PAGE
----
Table Saws

Approximately 40,000 Americans visit hospital emergency rooms every year with injuries sustained while operating table saws. Roughly 10% of these injuries result in amputations. Table Saws are a great and versatile tool, unfortunately they are also on the list of top most dangerous tools. It is critically important to follow common safety rules pertaining to the operation of a table saw.

Cutting Guidelines

  • Wear proper eye and hearing protection, and when required, respiratory protection.
  • Follow all table saw manufacturer’s instructions for reducing the risk of kickback
  • Make sure the guard is in place and working correctly.
  • Choose the proper saw blade for the type of work being done.
  • Keep saw blades clean, sharp, and properly set so they will cut freely without being forced.
  • Keep the work area clean. Operate the table saw in a non-congested, well-lit area.
  • Feed material into the saw blade counter to the direction of rota;on
  • During cutting, keep hands out of the line of the saw cut.
  • Use the saw blade guard with a spreader and an;-kickback fingers for ripping or cross cutting operations.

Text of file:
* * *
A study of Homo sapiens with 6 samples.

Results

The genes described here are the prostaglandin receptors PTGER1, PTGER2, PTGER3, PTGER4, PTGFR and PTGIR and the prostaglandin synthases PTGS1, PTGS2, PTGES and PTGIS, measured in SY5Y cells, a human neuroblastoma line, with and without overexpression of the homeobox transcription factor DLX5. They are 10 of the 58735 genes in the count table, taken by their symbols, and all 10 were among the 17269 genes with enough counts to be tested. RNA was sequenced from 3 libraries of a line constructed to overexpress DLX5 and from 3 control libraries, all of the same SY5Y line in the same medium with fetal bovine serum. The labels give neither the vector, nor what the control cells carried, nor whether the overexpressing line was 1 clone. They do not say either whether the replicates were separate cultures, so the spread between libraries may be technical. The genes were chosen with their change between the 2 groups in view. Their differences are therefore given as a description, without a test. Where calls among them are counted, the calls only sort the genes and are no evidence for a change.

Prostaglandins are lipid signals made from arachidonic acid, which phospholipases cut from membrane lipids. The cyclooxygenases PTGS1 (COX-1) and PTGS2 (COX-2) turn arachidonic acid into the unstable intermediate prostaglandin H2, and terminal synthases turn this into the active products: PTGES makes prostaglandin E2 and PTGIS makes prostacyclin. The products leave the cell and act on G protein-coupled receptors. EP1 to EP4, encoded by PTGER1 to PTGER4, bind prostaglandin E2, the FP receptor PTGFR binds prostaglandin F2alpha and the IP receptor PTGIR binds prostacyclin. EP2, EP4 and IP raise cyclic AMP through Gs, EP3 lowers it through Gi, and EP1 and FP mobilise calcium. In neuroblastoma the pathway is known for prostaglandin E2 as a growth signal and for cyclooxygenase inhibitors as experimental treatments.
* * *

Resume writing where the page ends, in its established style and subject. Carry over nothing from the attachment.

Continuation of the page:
• Keep your body to the side of the saw blade out of the line of a possible kickback.
  • Use a push stick when ripping narrow stock
  • When changing the saw blade, stop the machine, disconnect the power supply and place the plug end of the cord on top of the saw table.
  • Do not perform free-hand sawing. The stock must be held firmly against the miter gauge or rip fence to position and guide the cut.
  • Do not reach around or over a moving saw blade

Presenter tips

  • Pre-read the Toolbox Talk. Your comfort level and confidence will be higher if you know your topic.
  • Discuss related tasks, work areas or events that make the Toolbox Talk relevant to your job site.
  • Involve the workers by asking questions and input that drives discussion.

Questions for Discussion

  • How can this tool hurt you?
  • How could you prevent it from happening?